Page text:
Demystifying Insurance

Home Insurance Questions Answered


A: Pensioners enjoy discounts on a wide variety of purchases, including many types of insurance. The discount on home and contents policies is usually five to ten percent, and companies offer discounts for a variety of reasons. One is because such discounts are a somewhat traditional perk of age. Another is because pensioners typically live on a lower income and tighter budget than other age groups.

However, the primary reason pensioners are granted discounts for home and contents insurance is because there is less risk to the insurance companies. Statistically, older people tend to be more careful with their belongings and take more measures to reduce risk: they install security systems, they make certain their smoke detectors are working properly, etc. When risk is reduced, insurance companies respond with lower premiums.

Q: If a neighbor's tree falls from his yard onto my house, fence, or other property, shouldn't his insurance company pay for the damage?

A: Not necessarily. Typically if your property is damaged, whether by a tree from your neighbor's yard, a baseball from the children's game in the street, or similar situations, then you contact your insurer and your own insurance pays for the repairs.

However, let's say you've been concerned about your neighbor's tree for some time. The tree was obviously dead, and you even pointed out to your neighbor that the tree should be taken out because it was a hazard. Your neighbor chose to do nothing, and sure enough, the tree came down and demolished the roof of your garage. In this case, the neighbor was negligent. He knew there was a potential problem and he didn't take care of it.

Under the condition of negligence, your neighbor's insurance policy will be responsible for the repairs. Even in this case, though, it's still best to go through your insurance company for help. Your insurer will work with the neighbor's insurer to make sure the repairs are handled.

Q: Is it better to insure my home and contents for the actual cash value or should I choose replacement cost?

A: Many homeowners struggle with these two options when taking out policies for home and contents. Actual cash value, which is standard on many insurers' policies, is a less expensive option than replacement cost. It will pay you what your home or contents are currently worth—the calculated value after depreciation is deducted from the original cost. If your belongings have been around for several years and you are hit by fire or another covered event, the cheque you get from the insurance company will be for the amount of what your current belongings were worth prior to the event. This amount may not be enough to replace your damaged goods with new ones. If it is the home that must be repaired, you may end up paying much of the cost out of your pocket.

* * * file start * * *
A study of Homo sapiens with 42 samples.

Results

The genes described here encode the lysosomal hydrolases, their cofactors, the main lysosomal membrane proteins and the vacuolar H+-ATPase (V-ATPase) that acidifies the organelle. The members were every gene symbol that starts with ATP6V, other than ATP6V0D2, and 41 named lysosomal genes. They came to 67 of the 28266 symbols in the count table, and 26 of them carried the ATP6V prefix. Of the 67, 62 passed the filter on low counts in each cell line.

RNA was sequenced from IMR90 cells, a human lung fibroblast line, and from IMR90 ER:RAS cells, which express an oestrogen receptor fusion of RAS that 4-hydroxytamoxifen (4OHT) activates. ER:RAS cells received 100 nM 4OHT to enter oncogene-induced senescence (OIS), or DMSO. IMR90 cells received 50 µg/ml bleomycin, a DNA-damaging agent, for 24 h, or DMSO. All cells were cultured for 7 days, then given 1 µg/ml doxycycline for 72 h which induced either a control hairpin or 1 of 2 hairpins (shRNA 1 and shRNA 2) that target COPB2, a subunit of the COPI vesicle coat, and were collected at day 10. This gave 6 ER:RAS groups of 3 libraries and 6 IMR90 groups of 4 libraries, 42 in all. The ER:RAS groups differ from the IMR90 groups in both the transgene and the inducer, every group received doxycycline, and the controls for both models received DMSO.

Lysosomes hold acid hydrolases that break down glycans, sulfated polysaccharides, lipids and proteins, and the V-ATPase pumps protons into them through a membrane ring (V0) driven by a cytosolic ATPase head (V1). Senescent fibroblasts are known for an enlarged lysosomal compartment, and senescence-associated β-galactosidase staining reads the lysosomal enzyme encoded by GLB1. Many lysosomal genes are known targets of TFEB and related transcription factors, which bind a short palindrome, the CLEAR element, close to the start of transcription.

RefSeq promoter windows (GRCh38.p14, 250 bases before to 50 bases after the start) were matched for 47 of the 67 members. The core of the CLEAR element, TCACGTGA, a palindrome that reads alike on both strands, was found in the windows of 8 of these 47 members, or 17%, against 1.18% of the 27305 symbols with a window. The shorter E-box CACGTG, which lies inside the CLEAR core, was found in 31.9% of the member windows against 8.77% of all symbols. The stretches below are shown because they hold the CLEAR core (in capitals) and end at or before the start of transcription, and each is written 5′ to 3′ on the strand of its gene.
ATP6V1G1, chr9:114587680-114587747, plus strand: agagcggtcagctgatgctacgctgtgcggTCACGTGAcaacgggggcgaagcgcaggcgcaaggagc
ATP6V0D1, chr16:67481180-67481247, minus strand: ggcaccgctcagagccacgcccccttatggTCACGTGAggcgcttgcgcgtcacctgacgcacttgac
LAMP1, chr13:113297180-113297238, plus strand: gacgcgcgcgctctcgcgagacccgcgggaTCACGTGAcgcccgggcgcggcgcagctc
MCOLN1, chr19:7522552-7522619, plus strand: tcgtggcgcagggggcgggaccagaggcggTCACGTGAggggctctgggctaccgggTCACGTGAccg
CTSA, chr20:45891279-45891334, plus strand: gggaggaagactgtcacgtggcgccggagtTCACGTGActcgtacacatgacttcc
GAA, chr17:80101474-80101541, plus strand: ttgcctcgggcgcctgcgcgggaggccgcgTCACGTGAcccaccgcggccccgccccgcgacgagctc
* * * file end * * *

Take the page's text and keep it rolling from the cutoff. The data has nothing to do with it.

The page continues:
If you choose the replacement cost option, your insurance company will pay whatever it costs to buy a new item to replace the old one you lost. You can take out full replacement, which pays the entire cost of replacing items. Or you can take out a set dollar amount, which may leave you to pay some of the replacement costs when you hit the limit on your policy.

If you carry a mortgage on your home, the mortgage company may not give you a choice on the option of actual cash value or replacement cost, at least on the building itself. Most mortgage companies require you to carry at least 80% replacement. If your home is destroyed in a covered event, you'll end up paying 20% of the cost to rebuild. To avoid potential financial stress,you can choose to pay the extra premium to get full replacement cost coverage.

Q: Why don't I have coverage for problems with my home's foundation slipping or cracking? Do I just have a bad insurance company?

A: All insurance companies exclude settling and other land movement that might damage your foundation. You may have coverage for this situation, though, depending on what caused the settling or movement. If you have cover for earthquakes, and that is what caused the earth to shift and cracked your foundation, then the insurance should repair the damage. Also, if you carry flood insurance and flooding caused the shift, you should be covered. For normal settling or movement of earth on a slope including landslides and mudslides, you're unfortunately out of luck.